Way Down Yonder...: Meet Cecile by Denise Lewis Patrick
"Grand-pere, look! There's Madame Zulime's candy shop. Her pralines are the best!"
"Ah, Cecile! I see your grand-pere is with you today, Perhaps he'll get you some bon-bons, too!" Madam Zulime smiled and pointed to a tower of chocolates inside a display case.
Cecille headed right over to look. She heard the door open and close behind her.
"Escuzez-moi," she heard Grand-pere say.
"Watch where you are going, boy!" came the rude reply. "You don't step in front of me!" The loud man moved as if he would shove Grand-pere.
Cecile could feel her face turn rosy red. "How dare you, sir!" she burst out. "We are gens de couleur libres!"
It is 1853 in New Orleans, and the traditional way of life, in which "gens de couleur libres," free people of color, occupy a place of respect in New Orleans society, is threatened by the influx of people from the slave-holding states. Made up of skilled artisans, like Cecile's father, a much sought-after marble sculptor, craftsmen, and merchants, this group of mixed race had much greater freedom than African-Americans in the rest of "America," as the locals called the rest of the United States. Nine-year-old Cecile has lived a life of comfort and privilege, with servants, singing lessons, a personal tutor, and an Irish maid to accompany her whenever she goes out, like all well-bred young girls. Her brother Armand is finishing his art education in Paris, and Cecile's only concerns are the snooty Montoyer sisters and the choice of her costume for the upcoming Mardi Gras Children's Ball.
Then Cecile has her first encounter with "les Americains," at the candy shop and suddenly realizes that people from outside her comfortable milieu see people of color much differently. When Cecile meets a newcomer at the studio of French opera singer Madame Oceane, Marie-Grace Gardner, who is an "Americain," who has lived most of her life in Massachusetts, Cecile is drawn to the lively and open Marie-Grace despite her suspicions of American outsiders. As they meet every Saturday for lessons at the studio, the girls begin a friendship which grows over the next months.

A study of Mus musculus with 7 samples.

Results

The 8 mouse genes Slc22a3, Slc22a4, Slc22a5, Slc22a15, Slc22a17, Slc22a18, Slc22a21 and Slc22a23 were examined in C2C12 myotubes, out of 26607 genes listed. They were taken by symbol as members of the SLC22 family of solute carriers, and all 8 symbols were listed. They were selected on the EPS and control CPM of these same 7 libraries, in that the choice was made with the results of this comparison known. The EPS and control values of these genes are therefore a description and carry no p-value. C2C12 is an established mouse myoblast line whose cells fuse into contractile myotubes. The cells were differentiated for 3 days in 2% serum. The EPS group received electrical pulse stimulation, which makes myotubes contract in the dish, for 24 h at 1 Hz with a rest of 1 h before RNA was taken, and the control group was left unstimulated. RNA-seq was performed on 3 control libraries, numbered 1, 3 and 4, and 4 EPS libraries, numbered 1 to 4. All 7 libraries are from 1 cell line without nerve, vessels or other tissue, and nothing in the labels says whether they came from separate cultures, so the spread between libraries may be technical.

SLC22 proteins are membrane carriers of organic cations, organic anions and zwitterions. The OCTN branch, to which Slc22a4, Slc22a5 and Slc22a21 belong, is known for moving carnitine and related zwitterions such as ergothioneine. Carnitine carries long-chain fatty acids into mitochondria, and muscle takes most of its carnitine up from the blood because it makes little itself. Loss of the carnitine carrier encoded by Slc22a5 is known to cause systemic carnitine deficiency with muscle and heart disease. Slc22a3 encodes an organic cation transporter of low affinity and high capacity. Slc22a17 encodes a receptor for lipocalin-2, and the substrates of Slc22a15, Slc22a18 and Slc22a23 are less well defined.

Then it is almost Mardi Gras, the season Cecile has been looking forward to since Christmas ended. Madame Oceane allows Marie-Grace to wear one of her theatrical fairy costumes to the white children's Opera Ball, and Cecile manages to borrow an identical costume and mask to wear to her own Creole Christmas ball. When she discovers that their dances are to be held in side-by-side ballrooms, an idea for a grand adventure begins to grow in Cecile's mind, and when the two girls meet in the hallway and realize that with their costumes and masks they are almost identical fairies, Cecile easily persuades the independent-minded Marie-Grace to swap places with her so that they can attend each other's balls.
The introduction of two new characters into the venerable American Girls books is an noteworthy event, especially since this new entry which will feature books on both characters while interweaving their individual stories with the history of pre-Civil War New Orleans. Ahead for the two characters are life-changing events for both, the devastating Yellow Fever epidemic of 1854 and the run-up to the Civil War, both cataclysmic events for the social structure of their city. Denise Lewis Patrick's Meet Cecile (American Girl) (American Girls Collection) (American Girl, 2011) leads off this new mini-series with the introduction of Cecile and Marie-Grace, followed by the publication of Meet Marie-Grace (American Girl) (American Girls Collection) (American Girl, 2011).
As with no other books in the beginning chapter genre, the American Girl series gives young readers (at least female ones) engaging fiction books which gives them a you-are-there view of life during some of the turning points in American history, and as in this new dual mini-series, some insight into the long-term story of race relations in the United States.
This new entry is backed up as always by an appendix, which in this case includes a glossary of French phrases and a pronunciation guide for names used in conversation in the story, and a brief informational discussion of life in mid-eighteenth century New Orleans, illustrated by vivid color photographs of people and artifacts of the period. Full-page, full-color artwork adds to the text, although these lack the naturalness of earlier illustrations in the the full series. Overall, however, a strong and welcome addition to a notable series.